New Zealand’s military might be about to put a new meaning to the term “eco-warriors.” In an effort to make its operations more sustainable, the New Zealand Defense Force is looking at adopting electric motorcycles. Specifically, it is looking at the UBCO 2X2 battery bike.

UBCO’s electric motorcycles were originally designed as a modern-day substitute for the classic “ag bike.” Farmers in New Zealand and Australia use ag bikes (short for “agriculture bikes”) for general utility—shifting tools, workers, and even livestock around sprawling properties. Traditionally, ag bikes are based on small-capacity machines like the Suzuki DR200, which is known as the Suzuki Trojan in its ag bike configuration.

The UBCO 2X2 design uses an electric motor and, like the name implies, it is two-wheel drive. There’s an air-cooled, brushless, DC 1 kW-motor in each wheel hub, powered by UBCO’s Portage battery system. The Portage battery is a 48 Ah-rated, 50-volt lithium-ion power pack designed to recharge tools and devices as well as power the 2X2 bike. UBCO says it’s good for a range of 120 kilometers (75 miles). Recharging takes 6-8 hours.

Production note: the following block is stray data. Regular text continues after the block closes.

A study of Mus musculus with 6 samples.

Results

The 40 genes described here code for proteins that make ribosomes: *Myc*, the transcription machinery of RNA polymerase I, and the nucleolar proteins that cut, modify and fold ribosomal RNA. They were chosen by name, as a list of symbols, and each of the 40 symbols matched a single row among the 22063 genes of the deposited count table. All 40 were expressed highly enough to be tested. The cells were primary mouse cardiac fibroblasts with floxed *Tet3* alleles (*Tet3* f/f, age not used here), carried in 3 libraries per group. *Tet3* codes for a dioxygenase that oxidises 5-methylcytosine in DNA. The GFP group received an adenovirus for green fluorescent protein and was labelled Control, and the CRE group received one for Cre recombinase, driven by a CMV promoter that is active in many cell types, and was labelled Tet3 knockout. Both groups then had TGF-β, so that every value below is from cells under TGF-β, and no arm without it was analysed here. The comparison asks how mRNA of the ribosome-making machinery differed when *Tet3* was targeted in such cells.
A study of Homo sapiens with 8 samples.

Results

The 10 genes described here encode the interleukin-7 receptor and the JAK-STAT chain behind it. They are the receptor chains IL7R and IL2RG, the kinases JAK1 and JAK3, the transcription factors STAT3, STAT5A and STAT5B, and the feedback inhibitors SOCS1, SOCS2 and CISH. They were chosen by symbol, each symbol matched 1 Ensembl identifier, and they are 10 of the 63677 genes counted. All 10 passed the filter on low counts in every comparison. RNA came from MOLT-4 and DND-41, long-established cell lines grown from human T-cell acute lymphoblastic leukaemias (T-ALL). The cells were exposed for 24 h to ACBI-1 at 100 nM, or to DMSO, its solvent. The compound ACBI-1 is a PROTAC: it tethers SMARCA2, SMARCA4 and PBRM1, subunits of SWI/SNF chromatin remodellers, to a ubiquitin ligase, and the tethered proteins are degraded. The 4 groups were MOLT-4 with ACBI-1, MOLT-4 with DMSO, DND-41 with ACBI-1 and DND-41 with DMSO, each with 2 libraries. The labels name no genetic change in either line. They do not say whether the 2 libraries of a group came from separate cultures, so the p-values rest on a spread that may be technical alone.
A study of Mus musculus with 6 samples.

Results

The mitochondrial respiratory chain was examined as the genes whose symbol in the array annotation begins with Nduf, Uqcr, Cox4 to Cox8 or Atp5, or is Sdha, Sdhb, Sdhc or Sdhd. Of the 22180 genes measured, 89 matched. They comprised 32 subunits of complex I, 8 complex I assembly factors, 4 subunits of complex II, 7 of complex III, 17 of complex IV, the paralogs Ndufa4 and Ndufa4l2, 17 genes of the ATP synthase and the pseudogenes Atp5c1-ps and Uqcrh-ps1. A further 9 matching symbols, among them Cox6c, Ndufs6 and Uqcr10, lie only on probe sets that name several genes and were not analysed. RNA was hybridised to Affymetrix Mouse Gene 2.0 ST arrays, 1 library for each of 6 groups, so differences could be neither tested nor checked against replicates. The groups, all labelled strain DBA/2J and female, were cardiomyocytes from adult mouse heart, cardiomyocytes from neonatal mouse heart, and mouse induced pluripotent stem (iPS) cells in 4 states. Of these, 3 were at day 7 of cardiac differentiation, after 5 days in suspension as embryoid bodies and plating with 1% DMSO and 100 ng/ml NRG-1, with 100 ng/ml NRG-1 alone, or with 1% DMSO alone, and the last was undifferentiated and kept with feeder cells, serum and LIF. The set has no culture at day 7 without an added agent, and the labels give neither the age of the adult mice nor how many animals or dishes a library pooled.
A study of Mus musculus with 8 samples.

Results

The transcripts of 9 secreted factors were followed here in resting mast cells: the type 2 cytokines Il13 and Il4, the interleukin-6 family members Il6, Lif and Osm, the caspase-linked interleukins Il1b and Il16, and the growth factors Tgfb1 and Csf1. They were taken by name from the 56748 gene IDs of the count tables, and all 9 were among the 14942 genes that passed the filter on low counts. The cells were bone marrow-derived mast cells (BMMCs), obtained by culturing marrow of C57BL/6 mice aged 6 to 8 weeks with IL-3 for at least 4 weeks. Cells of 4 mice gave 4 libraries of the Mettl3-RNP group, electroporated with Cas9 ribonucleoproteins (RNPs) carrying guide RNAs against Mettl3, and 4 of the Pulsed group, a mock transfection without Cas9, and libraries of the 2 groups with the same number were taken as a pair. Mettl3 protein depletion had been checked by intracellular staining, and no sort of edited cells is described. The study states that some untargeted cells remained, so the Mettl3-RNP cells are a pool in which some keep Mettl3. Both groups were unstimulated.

UBCO markets the 2X2 to a wide variety of users besides farmers, including hunters, conservationists, delivery workers, commuters, RVers—but military? Isn’t that a bit outside the box?

Lieutenant Colonel Brad Gallop says the UBCO 2x2 has some advantages over a gas-powered motorcycle: “They are quiet, don’t give off exhaust or heat, and aren’t powered by highly flammable liquids.” Gallop also said the new bikes will be simple to maintain, with lower training requirements than a standard motorcycle.

New Zealand’s army, navy, and air force are all trialing four UBCO bikes through 2020, assessing them for “reconnaissance and surveillance, airfield security, and other transport roles.”

Although the idea of a smallish battery bike used in a military role might sound unusual, armed forces frequently test and use lightweight motorcycles in all sorts of roles. The US military ran Kawasaki KLR650s for years, modified by Hayes Diversified Technologies to run on diesel fuel. Before that, Marines used KLR250s for reconnaissance duty. The UBCO 2X2 is a much more modern approach, and no doubt New Zealand isn’t the only military interested in the advantages of battery bike technology.